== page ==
If I Could Turn Back Time
My husband and I recently celebrated our 18th wedding anniversary which got me reminiscing. One memory that coming back to mind wasn’t necessarily pleasant, but for some reason kept intruding on my thoughts. Your wedding day should be a day of joy and anticipation, but there was one small shadow on my special day.
I was in the beauty shop getting my hair done and my veil put on. Happily chatting with my hair dresser, I was eagerly looking forward to the rest of the day – seeing Joel’s expression when he saw me come down the aisle, exchanging our vows, celebrating with our family and friends, and beginning our life together.
All of a sudden, this lady I didn’t know approached me, disapproval written on her face. She asked me how old I was, and I answered. I was nineteen which I know is a young bride, especially in today’s culture. As soon as she heard how young I was she started a long tirade. The salon got quiet as she laid into me about how I didn’t know what I was getting myself into, I needed to sow my wild oats, I was ruining my life. I sat in the chair staring at this woman saying nothing while my stylist attached my veil. She didn’t want me to say anything, she merely wanted to vent what she had probably been thinking since I walked in. When she finished, she walked out of the shop with her head held high as if she had accomplished her good deed for the day. The rest of the shop breathed a sigh of relief as the door closed behind her.
I’ll never see this lady again, I wouldn’t even recognize her now if I did, but I’ve been thinking about her a lot. She knew nothing about me, about Joel, or our relationship, but instead made a blanket judgement. Truth is, I’m guessing she was speaking from personal experience. She had probably gotten married young with stars in her eyes, expecting happily ever after, and it didn’t happen for her. But I’m not her.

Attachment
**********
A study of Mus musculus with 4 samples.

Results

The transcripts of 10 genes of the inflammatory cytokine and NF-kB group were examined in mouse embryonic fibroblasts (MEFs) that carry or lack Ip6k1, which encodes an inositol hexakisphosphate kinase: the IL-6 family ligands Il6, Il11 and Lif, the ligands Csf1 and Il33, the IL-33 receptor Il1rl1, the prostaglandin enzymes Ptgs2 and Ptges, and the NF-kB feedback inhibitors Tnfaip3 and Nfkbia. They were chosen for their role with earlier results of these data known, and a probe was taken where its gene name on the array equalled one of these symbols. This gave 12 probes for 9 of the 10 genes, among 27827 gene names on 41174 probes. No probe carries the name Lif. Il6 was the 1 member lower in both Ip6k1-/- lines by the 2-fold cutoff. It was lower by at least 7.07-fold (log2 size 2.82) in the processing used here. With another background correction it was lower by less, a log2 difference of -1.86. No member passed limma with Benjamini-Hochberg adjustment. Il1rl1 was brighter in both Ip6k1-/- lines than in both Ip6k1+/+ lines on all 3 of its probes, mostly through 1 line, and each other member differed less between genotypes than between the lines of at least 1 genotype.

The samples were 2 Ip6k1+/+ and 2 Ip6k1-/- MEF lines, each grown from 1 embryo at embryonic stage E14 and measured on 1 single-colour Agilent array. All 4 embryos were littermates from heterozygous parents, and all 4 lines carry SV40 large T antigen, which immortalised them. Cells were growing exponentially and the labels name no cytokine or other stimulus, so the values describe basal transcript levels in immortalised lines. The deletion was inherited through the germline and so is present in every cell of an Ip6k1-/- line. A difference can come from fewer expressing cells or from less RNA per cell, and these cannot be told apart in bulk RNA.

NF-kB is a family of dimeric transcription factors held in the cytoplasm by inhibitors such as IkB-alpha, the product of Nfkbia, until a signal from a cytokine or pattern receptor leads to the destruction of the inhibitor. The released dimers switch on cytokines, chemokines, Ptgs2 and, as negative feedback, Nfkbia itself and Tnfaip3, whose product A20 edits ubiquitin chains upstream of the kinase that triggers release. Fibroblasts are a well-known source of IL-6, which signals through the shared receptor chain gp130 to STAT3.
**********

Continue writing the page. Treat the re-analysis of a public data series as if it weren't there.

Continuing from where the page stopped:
Even at nineteen, I knew that marriage was work. I knew that the honeymoon would end, and life would begin. I didn’t expect Joel to be charming every single day, to never say something careless that would hurt my feelings, or to shower me with gifts and compliments, and I knew that I wasn’t going to be a Stepford wife either. I expected us to have struggles, but we’d been dating for nearly five years, and we’d already faced struggles. We got through them then, and I expected us to be able to get through them again. Even then, I went into marriage thinking that I was going to be with Joel the rest of my life. At nineteen, I knew I was an exception, not the rule. Should every nineteen year old get married? Probably not, but it was what God had for my life. Besides I was never a ‘wild oats’ kind of girl any way.
I wish I could talk to that lady again. I truly think she meant well, but she cast a shadow on what was otherwise a very lovely day. If I could turn back time and do one thing differently in my life, there are a lot of options I could choose from, but getting married when I did and to whom I did is not one of them. Joel’s not perfect, but then again, neither am I. With God’s help, we have a pretty good life together. I love my husband more deeply than that nineteen year old girl ever did. When I think about our future, I look forward to growing old with him. Maybe it’s not a perfect happily ever after, but it’s pretty close.